On Friday, May 29, South Georgia’s Rue’Nette Melton from Tifton talked to the Macon Examiner about her annual event which commemorates Juneteenth and honors her parents — Mr. and Mrs. Daughtry Benjamin. Melton’s father — Daughtry Benjamin (Doc, D.B.) Melton Sr. –was the first African-American to run for any public office in Tift County after the Reconstruction period in 1966. Ms. Melton has continued the work of public service via her company –Dee and Doc Melton Sr. Cultural Visions– which helps to educate the community about black history along with providing help for people in need in the Tifton community.
Melton helped to establish the “Dee and Doc Melton Senior Black Cultural Center” along with James “Bob” Washington. It’s located at 1006 Doc Melton Sr. Drive in Tifton.
One example of the good work that the Dee and Doc Melton Senior Cultural Visions did had happened during the Christmas holidays in regard to helping the homeless. She and other volunteers had set up outside the Dollar Tree on Dawson Road for two weeks, collecting toiletries, hats, and socks via donations and was delivering these goods to the homeless.
Melton told Albany’s WALB-TV the following: “It has been wonderful. People have been very generous to come to donate. They have been empathetic, as well as sympathetic regarding our homeless mission here.”
The annual Juneteenth Festival is scheduled for Saturday, June 20 at Fulwood Park in Tifton, from 9 a.m. to 7 p.m.
Melton has been able to schedule a variety of inspirational speakers who will be featured at the June 20 event.
One of the speakers will be Dawson, Georgia’s mayor, Christopher Wright. Wright became one of the youngest mayors ever elected in Georgia, but he had to deal with adversity after being shot in October 2013. Wright recovered and is thriving. When Wright first became mayor in 2012, he had said the following:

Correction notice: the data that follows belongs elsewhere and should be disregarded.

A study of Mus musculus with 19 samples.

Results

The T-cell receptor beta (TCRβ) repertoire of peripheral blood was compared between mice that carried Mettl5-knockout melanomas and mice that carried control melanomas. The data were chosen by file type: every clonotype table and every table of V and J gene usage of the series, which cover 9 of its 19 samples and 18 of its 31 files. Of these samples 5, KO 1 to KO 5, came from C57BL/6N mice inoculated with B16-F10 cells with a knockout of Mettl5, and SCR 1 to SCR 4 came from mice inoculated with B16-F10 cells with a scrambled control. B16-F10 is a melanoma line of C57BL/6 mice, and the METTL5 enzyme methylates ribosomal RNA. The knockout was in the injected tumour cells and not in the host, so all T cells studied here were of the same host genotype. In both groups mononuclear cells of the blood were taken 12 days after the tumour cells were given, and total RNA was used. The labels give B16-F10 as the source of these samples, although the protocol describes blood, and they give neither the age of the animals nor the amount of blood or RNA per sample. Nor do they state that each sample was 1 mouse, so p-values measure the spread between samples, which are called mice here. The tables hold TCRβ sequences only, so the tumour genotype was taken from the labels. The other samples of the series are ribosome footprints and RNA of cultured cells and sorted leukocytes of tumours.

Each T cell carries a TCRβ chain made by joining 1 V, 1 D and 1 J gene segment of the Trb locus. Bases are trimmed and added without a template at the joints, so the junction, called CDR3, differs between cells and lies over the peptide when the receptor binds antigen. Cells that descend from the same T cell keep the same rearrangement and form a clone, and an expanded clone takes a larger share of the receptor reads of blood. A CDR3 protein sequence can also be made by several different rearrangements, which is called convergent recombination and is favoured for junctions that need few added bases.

“I wanted Christian to have a positive male role model in his life, someone who got up in the morning, put on a suit and went to work,” Wright said. “That’s the way my family raised me, with manners and morals, and that’s something that drove me.”
Wright says he wants to make a difference, but there is a reality that exists in which some people in local government want to continue with the status quo and do whatever it takes to stay in office without being held accountable by the people of Dawson which has a seventy-eight percent African-American population.
Juneteenth, also known as Juneteenth Independence Day, Freedom Day, or Emancipation Day, is a holiday in the United States that commemorates the announcement of the abolition of slavery in the U.S. state of Texas in June 1865, and more generally the emancipation of African-American slaves throughout the Confederate South. Celebrated on June 19, the term is a portmanteau of June and nineteenth, and is recognized as a state holiday or special day of observance in most states.
The holiday is observed primarily in local celebrations. Traditions include public readings of the Emancipation Proclamation, singing traditional songs such as “Swing Low, Sweet Chariot” and “Lift Every Voice and Sing”, and readings by noted African-American writers such as Ralph Ellison and Maya Angelou.Celebrations may include parades, rodeos, street fairs, cookouts, family reunions, park parties, historical reenactments, or Miss Juneteenth contests.